At Promitheas Patras, Chris Coffey has proven to be the living embodiment of workrate. That could make the difference for them in the Basketball Champions League
There are small school players and then there’s Chris Coffey. His alma mater of Georgetown College has fewer than 1,600 students at any given time. There is some basketball heritage there, most notably 1972 Olympian Kenny Davis, but it’s not the obvious place to start a journey like Coffey’s.
Absolutely nobody in Patras, Greece, cares about how Coffey got started. They’re just delighted he’s playing in their city right now.
Who even is this guy
Chris Coffey doesn’t have a Wikipedia page. That’s not entirely true. He doesn’t have an English language Wikipedia page. There is a page for him in Italian, the entirety of which translates as “Chris Coffey (July 8, 1997) is an American basketball player.”
There’s also one in Spanish but you have to scroll down a bit to find it on Google. It has more detail but it also has the wrong club history for him.
Chris Coffey has never played for any club in Spain or Italy. The man should be a footnote of a footnote in basketball. He played college basketball at the NAIA level, excelling with a national championship and winning NAIA Player of the Year in 2020. Still, that’s more associated with plucky underdogs. It’s not where you expect difference makers at the next level to emerge.
Yet anyone who has watched Promitheas Patras play this season in the Basketball Champions League can’t help but be captivated by this centre.
Scoring is secondary
Dennis Rodman is the first name that comes to mind when you think of players for whom rebounds mattered more than points. Get the boards and work from there. It’s a simple approach but a difficult one to make exciting.
If you’ve watched Promitheas Patras this season, you’ll have found ways to get excited by the way Chris Coffey grabs boards. I was on the call for their Tuesday night win over Hapoel Holon in the Basketball Champions League. Over and over again I kept on going back to one word to describe Coffey: workrate.
It’s almost like he considers taking a shot a form of cheating. Getting passed the ball and being presented with an opportunity? No, that’s not a 50/50 battle in the true sense. Coffey plays with a verve that demands every time he has an opportunity to touch the ball, it must be a contest. Present him an opponent, maybe two or three, and give him the fight he desires.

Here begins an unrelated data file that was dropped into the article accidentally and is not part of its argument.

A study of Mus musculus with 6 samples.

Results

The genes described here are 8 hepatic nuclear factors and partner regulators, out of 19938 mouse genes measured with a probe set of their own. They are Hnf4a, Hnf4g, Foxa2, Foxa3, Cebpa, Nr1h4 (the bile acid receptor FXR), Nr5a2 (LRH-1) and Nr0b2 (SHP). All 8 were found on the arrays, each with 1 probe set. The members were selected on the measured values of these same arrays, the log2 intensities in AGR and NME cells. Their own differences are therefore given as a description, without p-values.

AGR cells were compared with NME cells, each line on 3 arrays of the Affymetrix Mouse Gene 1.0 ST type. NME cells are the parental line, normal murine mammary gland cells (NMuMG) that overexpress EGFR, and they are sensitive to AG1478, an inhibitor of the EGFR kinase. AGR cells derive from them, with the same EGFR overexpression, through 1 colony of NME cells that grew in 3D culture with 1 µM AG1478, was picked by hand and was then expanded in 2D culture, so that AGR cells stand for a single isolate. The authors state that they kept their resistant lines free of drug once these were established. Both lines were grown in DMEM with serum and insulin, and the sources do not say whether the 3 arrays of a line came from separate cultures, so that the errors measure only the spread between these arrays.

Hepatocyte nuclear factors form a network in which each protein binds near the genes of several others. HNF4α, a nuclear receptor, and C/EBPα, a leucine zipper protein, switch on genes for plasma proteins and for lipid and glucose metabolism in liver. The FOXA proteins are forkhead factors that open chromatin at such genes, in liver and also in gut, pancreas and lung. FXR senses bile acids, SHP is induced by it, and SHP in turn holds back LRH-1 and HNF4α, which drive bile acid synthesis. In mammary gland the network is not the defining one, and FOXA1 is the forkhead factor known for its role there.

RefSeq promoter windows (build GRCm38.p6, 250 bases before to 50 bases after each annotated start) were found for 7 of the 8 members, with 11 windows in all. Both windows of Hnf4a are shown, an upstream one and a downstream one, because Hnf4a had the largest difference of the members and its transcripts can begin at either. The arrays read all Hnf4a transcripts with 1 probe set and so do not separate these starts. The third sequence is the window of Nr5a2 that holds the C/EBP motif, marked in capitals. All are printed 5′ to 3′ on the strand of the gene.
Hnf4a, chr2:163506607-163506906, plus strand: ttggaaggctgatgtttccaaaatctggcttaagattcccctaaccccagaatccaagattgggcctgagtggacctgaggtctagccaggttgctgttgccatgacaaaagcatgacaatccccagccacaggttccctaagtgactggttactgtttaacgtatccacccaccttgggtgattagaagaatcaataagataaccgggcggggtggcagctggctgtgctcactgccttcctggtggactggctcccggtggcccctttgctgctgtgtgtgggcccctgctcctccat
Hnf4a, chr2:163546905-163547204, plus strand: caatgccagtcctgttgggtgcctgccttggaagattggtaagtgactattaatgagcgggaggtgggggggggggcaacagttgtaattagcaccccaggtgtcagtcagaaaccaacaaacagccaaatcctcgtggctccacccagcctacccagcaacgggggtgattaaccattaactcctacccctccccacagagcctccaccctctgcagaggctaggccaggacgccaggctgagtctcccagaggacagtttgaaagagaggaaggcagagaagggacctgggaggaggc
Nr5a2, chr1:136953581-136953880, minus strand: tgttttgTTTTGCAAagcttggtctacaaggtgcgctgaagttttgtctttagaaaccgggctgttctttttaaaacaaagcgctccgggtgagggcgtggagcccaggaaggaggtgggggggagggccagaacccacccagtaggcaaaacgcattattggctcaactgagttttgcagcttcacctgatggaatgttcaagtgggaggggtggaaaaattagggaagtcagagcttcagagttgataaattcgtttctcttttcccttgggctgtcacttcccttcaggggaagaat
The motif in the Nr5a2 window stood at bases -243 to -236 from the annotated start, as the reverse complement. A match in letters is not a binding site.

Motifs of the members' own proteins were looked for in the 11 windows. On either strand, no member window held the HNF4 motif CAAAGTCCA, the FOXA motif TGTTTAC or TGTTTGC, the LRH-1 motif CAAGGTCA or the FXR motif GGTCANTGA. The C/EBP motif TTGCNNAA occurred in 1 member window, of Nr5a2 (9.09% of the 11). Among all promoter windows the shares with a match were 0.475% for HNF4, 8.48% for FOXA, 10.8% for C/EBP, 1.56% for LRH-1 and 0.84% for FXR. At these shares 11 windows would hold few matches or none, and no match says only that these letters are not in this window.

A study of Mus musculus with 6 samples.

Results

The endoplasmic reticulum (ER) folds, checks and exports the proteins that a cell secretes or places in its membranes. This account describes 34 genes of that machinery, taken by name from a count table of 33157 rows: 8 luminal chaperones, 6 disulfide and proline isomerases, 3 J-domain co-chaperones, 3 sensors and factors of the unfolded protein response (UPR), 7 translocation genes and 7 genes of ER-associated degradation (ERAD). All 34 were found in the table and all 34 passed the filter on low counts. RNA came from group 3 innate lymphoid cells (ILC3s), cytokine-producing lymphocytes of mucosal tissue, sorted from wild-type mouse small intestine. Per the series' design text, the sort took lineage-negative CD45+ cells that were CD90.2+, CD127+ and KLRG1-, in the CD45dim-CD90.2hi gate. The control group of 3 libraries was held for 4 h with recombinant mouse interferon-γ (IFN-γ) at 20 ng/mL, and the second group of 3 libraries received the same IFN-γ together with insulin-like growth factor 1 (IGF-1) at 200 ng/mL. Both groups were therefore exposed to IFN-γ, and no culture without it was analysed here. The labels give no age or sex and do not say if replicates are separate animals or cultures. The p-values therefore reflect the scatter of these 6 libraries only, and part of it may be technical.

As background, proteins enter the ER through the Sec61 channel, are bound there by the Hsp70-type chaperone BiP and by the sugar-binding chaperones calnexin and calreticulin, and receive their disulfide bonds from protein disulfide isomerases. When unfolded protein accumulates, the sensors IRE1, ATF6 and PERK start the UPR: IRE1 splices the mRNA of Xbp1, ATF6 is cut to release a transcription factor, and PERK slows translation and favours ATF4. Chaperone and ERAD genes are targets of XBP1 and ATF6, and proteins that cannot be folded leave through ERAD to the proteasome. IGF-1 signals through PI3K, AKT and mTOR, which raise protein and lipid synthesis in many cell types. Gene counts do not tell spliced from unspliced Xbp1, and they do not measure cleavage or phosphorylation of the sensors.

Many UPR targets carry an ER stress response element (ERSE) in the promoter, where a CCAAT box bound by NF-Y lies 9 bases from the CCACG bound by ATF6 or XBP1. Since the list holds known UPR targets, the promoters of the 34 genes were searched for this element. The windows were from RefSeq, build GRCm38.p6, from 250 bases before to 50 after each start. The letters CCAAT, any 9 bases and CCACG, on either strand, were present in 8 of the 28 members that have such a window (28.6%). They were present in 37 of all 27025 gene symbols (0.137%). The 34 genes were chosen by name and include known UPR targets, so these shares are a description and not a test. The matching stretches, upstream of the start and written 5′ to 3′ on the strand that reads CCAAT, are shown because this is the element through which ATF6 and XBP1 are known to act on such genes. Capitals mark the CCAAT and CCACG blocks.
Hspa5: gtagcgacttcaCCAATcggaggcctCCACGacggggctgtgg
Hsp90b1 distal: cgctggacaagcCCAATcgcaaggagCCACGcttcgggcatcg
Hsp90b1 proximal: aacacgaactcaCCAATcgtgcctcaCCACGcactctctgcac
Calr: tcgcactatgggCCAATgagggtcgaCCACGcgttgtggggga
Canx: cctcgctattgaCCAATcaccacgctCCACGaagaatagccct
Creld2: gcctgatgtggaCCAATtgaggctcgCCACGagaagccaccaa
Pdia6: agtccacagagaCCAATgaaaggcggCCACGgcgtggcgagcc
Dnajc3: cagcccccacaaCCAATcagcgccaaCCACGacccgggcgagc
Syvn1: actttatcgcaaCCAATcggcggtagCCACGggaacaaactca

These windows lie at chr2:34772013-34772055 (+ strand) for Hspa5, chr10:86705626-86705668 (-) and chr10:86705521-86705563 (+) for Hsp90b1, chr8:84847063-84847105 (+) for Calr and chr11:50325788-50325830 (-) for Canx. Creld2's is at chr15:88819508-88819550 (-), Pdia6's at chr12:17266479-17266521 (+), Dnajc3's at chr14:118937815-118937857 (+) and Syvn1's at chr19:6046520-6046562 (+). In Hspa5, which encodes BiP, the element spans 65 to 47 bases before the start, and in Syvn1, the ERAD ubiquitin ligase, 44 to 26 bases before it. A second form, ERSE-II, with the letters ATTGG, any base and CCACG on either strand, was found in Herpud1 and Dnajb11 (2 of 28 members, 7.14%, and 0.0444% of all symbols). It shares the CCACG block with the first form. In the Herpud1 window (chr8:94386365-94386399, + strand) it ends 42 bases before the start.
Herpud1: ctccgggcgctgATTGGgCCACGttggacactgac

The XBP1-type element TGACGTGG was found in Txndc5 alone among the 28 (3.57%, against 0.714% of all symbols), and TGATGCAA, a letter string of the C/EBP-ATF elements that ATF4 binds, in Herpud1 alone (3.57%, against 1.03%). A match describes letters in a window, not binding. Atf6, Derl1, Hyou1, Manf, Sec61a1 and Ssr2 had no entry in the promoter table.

The big highlight from Coffey that was shared around social media by the Basketball Champions League after Tuesday’s win was a block on Netanel Artzi. It was a really good block but I felt for the folks having to cut the highlights. To truly understand the impact of Chris Coffey for Promitheas, it was his plays that didn’t necessarily lead to anything that made him stand apart.
There were four offensive rebounds by Coffey in the win. Each of them came with the type of body sacrifice that almost caught his teammates off guard. It’s worth noting that Promitheas Patras have the January MVP Hunter Hale in their ranks, alongside serious performers in Anthony Cowan Jr and Cameron Reynolds. These men, these quality ballers, were somewhat in awe of what their big man was doing.
That ferocious workrate from Coffey was vital to getting Promitheas Patras over the line. Tuesday’s clash was a grind it out affair, one for the purists, and not the easiest environment for anyone to cook.
Coffey, as the beverage so often does, shook men from their slumber. Hale and Reynolds, who both struggled to impact the game in the first half, found their rhythm working off him. The Greeks took the vital win and Coffey another step forward.
A chance to regroup
That victory over Hapoel Holon has put Promitheas Patras, and Chris Coffey, in a useful position. There’s a break in the Basketball Champions League now for national cups and internationals.
With a 2-1 record in the group, the side knows that a win over Holon in the return game would almost certainly be enough on its own to book their passage to the quarter finals. It’s far from a sure thing but it at least enables them to control their destiny. In the interim, they can focus more on domestic matters.
The Greek Cup is next, with a quarter final against Panionios awaits. Once that duty is done, there’ll be a rest for most of the roster with the international break before a rapid and thrilling conclusion to the Round of 16 in their primary target for the season. A European title would be extraordinary for Promitheas Patras, even making the playoffs would be an achievement. Fortunately for them, they have a man familiar with the extraordinary.
A solid launchpad
The value of Chris Coffey will have been obvious to anyone watching the Basketball Champions League this season. He doesn’t need a lot of the ball, hardly any, to make an impact that can change the course of a game.
The workrate will never be an issue and he clearly has the athletic talent to aid anyone. With him turning 27 in July, he still hasn’t hit the peak of his powers. Through time in Latvia with Ventspils, MBC in the Bundesliga in Germany, and a stint at Kolossus before joining his current side, Coffey has built up a constantly developing resume.
It’s going to make him alluring to quite a few coaches and clubs. His current home will naturally want to keep him but there will be demand. That’s quite the position to be in for a man who was less than an afterthought on the college scene when he began that journey. In the humble surroundings of NAIA basketball, Chris Coffey made the sport take notice of him. In the Basketball Champions League, everyone is well aware of who he is.